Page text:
For the first time since agreeing to continue his career in Los Angeles, LeBron James was going to walk through the door in front of reporters and cameras as a Laker.

The simple act — one man walking through a doorway — caused the room to fall almost entirely silent. Everyone reached for their phones to get that first shot.


In El Segundo, James spoke about his movie projects, his championships, the plans to return the Lakers to championship glory. He made headlines even by stating the most obvious — that the Lakers are a “long way” from being on the same level as the Golden State Warriors.

“We can’t worry about what Golden State is doing,” he said with everyone watching.

In Playa Vista, a six-year veteran who shares the name Mike Scott with a former major league pitcher and a fictional regional manager of a mid-sized paper chain, talked about why he joined the Clippers after a year with the Washington Wizards.

“They wasn’t ...,” he said, colorfully saying that the Clippers were not punks.

This is probably how it’ll be this season, James talking “Space Jam” sequels and title expectations while the Clippers unleash a gritty style of basketball to make up for the lack of star power. And it’s not necessarily a bad thing.

Monday’s media day turnouts confirmed what we knew: that James’ shadow will stretch across the region. The Lakers are big, but with James in town, it’s only magnified.

But the Clippers might benefit from a little more time out of the spotlight, their rebuild still a very unfinished project. Doc Rivers, their coach, said he felt that the organization was in as good a place as it has been since he became an employee in 2013.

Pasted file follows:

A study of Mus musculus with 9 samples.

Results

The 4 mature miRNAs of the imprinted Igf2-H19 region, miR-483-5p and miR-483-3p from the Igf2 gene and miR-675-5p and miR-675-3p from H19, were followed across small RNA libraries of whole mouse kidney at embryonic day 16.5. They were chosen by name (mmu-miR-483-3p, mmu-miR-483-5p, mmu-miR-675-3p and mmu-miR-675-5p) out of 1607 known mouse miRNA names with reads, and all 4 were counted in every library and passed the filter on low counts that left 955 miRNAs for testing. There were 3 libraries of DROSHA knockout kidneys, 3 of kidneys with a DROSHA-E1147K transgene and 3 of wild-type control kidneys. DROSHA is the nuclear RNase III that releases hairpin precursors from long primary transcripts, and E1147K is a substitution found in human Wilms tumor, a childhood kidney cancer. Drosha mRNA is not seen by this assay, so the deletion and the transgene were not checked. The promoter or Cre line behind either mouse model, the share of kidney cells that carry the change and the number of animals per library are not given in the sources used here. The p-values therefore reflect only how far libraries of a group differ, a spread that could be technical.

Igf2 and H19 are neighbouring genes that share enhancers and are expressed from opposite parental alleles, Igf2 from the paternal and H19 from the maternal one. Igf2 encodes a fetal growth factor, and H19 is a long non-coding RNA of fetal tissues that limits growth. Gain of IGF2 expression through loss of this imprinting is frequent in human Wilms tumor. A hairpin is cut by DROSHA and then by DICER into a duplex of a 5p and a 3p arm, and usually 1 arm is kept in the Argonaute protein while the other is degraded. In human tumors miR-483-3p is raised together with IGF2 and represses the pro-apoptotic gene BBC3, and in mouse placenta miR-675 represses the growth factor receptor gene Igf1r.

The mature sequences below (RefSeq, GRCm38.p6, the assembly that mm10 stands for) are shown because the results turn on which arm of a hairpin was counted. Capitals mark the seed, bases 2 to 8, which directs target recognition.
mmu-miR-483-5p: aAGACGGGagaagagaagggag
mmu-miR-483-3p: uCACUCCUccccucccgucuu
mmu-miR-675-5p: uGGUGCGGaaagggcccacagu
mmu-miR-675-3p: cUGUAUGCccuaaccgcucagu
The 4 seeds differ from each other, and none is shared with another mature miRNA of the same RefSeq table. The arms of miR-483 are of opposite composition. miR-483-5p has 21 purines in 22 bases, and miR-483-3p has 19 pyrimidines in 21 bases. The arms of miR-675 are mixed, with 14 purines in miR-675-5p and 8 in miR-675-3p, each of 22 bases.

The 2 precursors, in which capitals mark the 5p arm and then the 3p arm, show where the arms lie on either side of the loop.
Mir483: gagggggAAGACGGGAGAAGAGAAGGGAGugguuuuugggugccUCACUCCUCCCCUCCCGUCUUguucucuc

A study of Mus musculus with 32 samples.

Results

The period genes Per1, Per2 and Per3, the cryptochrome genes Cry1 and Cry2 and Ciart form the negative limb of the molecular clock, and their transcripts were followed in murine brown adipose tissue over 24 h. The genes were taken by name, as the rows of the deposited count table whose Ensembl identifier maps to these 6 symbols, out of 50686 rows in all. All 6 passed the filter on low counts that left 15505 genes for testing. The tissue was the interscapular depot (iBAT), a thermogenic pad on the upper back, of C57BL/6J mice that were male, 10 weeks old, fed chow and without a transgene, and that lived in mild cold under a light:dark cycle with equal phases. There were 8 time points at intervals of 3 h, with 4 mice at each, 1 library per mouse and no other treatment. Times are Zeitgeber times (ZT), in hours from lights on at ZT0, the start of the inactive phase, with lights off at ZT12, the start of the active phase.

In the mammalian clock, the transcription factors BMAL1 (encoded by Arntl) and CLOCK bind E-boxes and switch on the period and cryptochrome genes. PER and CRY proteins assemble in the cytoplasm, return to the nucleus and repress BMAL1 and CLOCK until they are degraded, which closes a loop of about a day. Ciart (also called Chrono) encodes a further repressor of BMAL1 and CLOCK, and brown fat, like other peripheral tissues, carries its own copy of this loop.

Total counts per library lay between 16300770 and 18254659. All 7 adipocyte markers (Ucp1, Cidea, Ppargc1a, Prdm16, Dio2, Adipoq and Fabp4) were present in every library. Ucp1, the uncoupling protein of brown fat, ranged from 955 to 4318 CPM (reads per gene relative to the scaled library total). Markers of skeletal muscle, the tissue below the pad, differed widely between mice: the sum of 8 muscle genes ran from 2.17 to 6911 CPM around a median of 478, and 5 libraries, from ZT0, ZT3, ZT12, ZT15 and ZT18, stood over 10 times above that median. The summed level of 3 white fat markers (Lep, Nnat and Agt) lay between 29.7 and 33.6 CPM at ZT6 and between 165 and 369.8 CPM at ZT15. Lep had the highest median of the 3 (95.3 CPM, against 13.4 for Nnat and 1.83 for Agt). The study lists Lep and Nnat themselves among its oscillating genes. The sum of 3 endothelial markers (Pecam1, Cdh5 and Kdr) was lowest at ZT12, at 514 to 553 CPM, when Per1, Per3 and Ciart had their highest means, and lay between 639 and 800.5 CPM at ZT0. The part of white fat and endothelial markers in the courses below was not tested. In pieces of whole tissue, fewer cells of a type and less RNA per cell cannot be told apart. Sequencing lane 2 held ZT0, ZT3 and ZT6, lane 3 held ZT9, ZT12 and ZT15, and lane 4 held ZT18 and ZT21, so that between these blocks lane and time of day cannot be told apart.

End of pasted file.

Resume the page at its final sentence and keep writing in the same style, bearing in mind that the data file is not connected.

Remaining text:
“In a strange way in my opinion, this is the healthiest this franchise has been as far as now and in the future,” Rivers said. “From my vantage point, I love where we’re at right now. I look at the totality of what we’ve done.”

And with Rivers now back to just coaching, there are reasons to agree with him.

The front office is well-stocked. The team has salary cap flexibility. There’s optimism within the organization that they’re at the top of Kawhi Leonard’s list in the summer of 2019, when he and a host of other top free agents hit the market.

And while they might find themselves in a tough situation in a stacked Western Conference, their failures will hardly be front-page news. Hardcore fans might care, but everyone else will be distracted by that purple-and-gold glare.

The same, to a lesser extent, goes for Lonzo Ball, who is no longer the most famous Laker. When it was Ball’s turn to address reporters Monday, the crowds had already thinned to follow James’ every step around the facility.

There’s way less reason to talk about LaVar Ball when LeBron is around, and that can’t do anything but help his 20-year-old son, even if the second-year point guard thinks that all the attention didn’t bother him during a solid but unspectacular rookie season.


Everything else was eclipsed by the mere presence of the league’s biggest star wearing one of its most iconic jerseys in one of the country’s most important cities.

James walked through that door. He wore that Lakers jersey.

Now we’re about to find out just how comfortable everyone else is in the shade.